A disciplinary code is not cast in stone

There is a general perception that disciplinary codes as well as the Code of Good Practice: Dismissal, contained in Schedule 8 of the Labour Relations Act (LRA), are cast in stone and cannot be deviated from.

This is not so. Both constitute guidelines only and employers can deviate from it and from their own disciplinary codes when such a deviation is justified, provided that a fair procedure is nevertheless followed.

The Code of Good Practice specifically states that it deals only with “some of the key aspects of dismissals for reasons related to conduct and capacity” and that it is “intentionally general”. It further states that “departing from … this Code may be justified in certain circumstances”.

There have been a number of judgments in which the Labour and Labour Appeal Courts have repeatedly stated that a disciplinary code is merely a guideline. The Court held in the matter of Moropane v Gilbeys Distillers & Vintners & another (1998) per Landman J that “These guidelines do not give rise to rights…”.

In the matter of SA Tourism Board versus CCMA and others (2003) the Court specifically held that an employer’s code was not peremptory – because it was merely a guideline. This principle was developed further in the unreported judgment in the matter of Desiré Mary Potgieter v SAPS (JS 700/05) (handed down on 10 October 2008) where the Court per Molahlehi J held at paragraph [59]:

“There is authority in our law that disciplinary codes, including those set out in collective agreements, are guidelines that should generally be followed unless there are valid reasons for failing to do so. In general the Courts have adopted a holistic approach in dealing with this issue and have emphasised that the guiding principle should be whether the principles of justice are being upheld.” (My emphasis)

The decision in the matter of Eddels v Seocheran (2000) provide some explanation as to why these guidelines are provided. The Court emphasised that discipline in the workplace is usually administered or presided over by line managers or heads of departments. These initiators and chairpersons are part of management but they are not legally trained.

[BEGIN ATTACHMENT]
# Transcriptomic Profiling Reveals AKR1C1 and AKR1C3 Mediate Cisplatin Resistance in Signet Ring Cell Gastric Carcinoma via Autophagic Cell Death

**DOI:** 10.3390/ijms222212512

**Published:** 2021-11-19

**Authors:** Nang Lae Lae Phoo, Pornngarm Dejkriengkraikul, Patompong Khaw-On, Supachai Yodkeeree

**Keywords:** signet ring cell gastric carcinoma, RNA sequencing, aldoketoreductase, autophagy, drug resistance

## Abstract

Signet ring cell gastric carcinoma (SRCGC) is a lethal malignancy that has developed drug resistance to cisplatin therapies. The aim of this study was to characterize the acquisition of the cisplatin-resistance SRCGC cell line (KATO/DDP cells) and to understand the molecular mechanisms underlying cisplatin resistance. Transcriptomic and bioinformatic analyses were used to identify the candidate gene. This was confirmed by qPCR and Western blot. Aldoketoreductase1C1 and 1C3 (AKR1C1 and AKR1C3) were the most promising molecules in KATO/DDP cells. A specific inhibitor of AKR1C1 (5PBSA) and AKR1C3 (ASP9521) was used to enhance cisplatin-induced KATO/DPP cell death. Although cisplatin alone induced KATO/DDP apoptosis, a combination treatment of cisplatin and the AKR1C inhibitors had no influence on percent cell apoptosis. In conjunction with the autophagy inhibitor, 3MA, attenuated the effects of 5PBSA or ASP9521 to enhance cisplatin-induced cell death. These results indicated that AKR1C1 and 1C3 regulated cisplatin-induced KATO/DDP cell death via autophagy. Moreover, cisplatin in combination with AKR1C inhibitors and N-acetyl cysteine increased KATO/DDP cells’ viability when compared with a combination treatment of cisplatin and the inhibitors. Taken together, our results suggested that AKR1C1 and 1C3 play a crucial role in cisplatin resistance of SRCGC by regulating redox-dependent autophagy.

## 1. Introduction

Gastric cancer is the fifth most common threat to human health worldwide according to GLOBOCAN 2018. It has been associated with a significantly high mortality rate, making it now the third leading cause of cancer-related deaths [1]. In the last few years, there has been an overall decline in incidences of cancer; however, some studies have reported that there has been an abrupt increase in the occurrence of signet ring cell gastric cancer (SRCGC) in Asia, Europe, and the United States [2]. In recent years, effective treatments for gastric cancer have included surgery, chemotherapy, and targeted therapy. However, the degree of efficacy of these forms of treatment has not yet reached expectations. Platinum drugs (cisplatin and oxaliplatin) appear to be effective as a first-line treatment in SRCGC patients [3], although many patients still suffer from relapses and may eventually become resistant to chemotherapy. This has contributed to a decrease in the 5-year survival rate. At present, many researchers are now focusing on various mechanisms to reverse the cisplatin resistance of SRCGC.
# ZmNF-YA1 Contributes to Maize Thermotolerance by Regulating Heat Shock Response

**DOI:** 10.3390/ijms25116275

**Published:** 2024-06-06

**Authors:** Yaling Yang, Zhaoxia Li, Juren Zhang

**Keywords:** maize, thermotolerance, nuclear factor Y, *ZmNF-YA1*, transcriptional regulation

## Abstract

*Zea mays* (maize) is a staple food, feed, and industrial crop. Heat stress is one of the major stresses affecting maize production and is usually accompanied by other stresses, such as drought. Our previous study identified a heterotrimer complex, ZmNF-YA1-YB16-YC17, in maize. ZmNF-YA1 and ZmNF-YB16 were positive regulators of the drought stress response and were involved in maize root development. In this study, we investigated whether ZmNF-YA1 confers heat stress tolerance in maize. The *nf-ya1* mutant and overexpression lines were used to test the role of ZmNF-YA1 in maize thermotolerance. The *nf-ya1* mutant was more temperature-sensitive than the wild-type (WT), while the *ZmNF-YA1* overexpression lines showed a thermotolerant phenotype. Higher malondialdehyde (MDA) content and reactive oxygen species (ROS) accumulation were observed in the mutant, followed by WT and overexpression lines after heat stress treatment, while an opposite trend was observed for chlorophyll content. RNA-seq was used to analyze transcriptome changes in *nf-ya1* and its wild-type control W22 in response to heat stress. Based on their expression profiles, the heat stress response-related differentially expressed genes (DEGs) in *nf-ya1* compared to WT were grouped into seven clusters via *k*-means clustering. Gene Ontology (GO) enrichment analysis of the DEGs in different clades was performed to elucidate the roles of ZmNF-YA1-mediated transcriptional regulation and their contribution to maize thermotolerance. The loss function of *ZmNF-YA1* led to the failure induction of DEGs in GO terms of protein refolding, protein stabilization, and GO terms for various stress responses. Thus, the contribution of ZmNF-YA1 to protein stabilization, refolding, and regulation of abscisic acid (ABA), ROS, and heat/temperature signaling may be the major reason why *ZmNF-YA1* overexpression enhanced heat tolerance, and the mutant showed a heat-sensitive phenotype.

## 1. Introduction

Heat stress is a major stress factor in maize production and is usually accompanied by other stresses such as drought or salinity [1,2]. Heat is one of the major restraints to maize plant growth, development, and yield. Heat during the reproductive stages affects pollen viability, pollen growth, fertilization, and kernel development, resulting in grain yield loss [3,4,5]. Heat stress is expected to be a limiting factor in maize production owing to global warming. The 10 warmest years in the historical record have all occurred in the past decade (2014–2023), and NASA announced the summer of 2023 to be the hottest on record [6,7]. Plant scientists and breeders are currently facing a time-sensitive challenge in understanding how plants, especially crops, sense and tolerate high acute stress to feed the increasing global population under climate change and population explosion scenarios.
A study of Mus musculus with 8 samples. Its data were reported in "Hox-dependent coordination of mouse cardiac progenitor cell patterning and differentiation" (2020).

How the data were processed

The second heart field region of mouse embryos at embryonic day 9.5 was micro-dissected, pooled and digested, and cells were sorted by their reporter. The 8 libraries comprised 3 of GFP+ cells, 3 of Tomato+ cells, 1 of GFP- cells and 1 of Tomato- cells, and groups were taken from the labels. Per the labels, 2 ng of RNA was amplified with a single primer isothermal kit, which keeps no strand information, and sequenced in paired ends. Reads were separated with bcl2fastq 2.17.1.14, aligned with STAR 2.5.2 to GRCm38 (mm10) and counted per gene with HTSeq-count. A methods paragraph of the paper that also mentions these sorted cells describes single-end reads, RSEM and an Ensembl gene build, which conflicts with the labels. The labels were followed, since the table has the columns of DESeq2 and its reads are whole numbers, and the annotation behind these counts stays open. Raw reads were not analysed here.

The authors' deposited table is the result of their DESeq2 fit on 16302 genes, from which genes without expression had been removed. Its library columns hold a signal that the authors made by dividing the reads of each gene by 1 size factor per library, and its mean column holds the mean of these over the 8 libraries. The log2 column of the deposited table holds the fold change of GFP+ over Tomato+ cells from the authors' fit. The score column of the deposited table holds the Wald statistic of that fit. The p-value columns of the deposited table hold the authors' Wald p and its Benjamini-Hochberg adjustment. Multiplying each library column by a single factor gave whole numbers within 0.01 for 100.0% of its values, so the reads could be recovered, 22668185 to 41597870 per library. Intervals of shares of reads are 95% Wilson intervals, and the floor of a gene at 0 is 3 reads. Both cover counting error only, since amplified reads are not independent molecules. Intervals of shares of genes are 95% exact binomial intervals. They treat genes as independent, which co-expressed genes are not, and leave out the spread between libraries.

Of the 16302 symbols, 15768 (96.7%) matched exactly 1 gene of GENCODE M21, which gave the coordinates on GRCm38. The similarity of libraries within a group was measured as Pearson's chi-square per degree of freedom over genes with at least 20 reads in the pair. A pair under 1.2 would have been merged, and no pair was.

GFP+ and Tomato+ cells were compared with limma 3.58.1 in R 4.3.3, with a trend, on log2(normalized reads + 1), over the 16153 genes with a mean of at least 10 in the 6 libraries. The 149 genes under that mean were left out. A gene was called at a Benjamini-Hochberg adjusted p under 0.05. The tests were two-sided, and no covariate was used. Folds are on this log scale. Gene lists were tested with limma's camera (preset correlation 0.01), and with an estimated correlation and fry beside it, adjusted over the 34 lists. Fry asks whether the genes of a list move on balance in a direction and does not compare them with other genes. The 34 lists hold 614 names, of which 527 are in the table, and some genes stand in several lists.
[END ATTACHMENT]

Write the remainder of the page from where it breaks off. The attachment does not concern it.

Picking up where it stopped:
The guidelines are designed to ensure that the hearing is conducted in a fair manner as required by section 188 (1) of the LRA. Section 188 (1) (a) categorically states that a dismissal – and by implication therefore any disciplinary sanction – must be for “a fair reason” while sub-paragraph (b) provides that a “fair procedure” must be followed.

The requirement that a member of the HR or ER department must be present is, inter alia, intended to ensure that chairpersons and initiators who are not lawyers, conduct the proceedings in such a way that effect is given to employment law principles only.

In the Potgieter/SAPS decision the Court further emphasised the informal nature of workplace discipline. This principle was fully developed in the matter of the Avril Elizabeth Home for the Mentally Handicapped v CCMA (2006) where the Court explicitly stated that a disciplinary hearing is distinctly different from a criminal trial. In simple terms this means that the purpose of the disciplinary hearing is to establish during a fair procedure whether an employee had committed misconduct by breaching a rule, and if so, to determine an appropriate sanction.

The question whether it would result in unfairness if an employer deviated from its own disciplinary code and procedure was answered in the matter of Khula Enterprise Finance Ltd versus Madinane and others JR 660/02 (handed down on 13 February 2004). The Court held that it did not matter that the employer had deviated from its own code – the only question was whether it had followed a fair procedure.

This principle was confirmed when the SABC declined to convene separate disciplinary hearings for approximately 100 employees who faced the same allegations. It instead convened a single hearing. The Court declined to grant an interdict in the matter of BEMAWU & Others v SABC & Others (J2239/2015) to stop the proceedings and commented that this deviation did not mean that such a single hearing would not constitute a formal disciplinary hearing. Needless to say, the main requirement would be that this hearing should follow a fair procedure.

The importance of the decisions referred to above is that a deviation from a disciplinary code must be justified – and that a fair procedure should be followed before an appropriate sanction is imposed.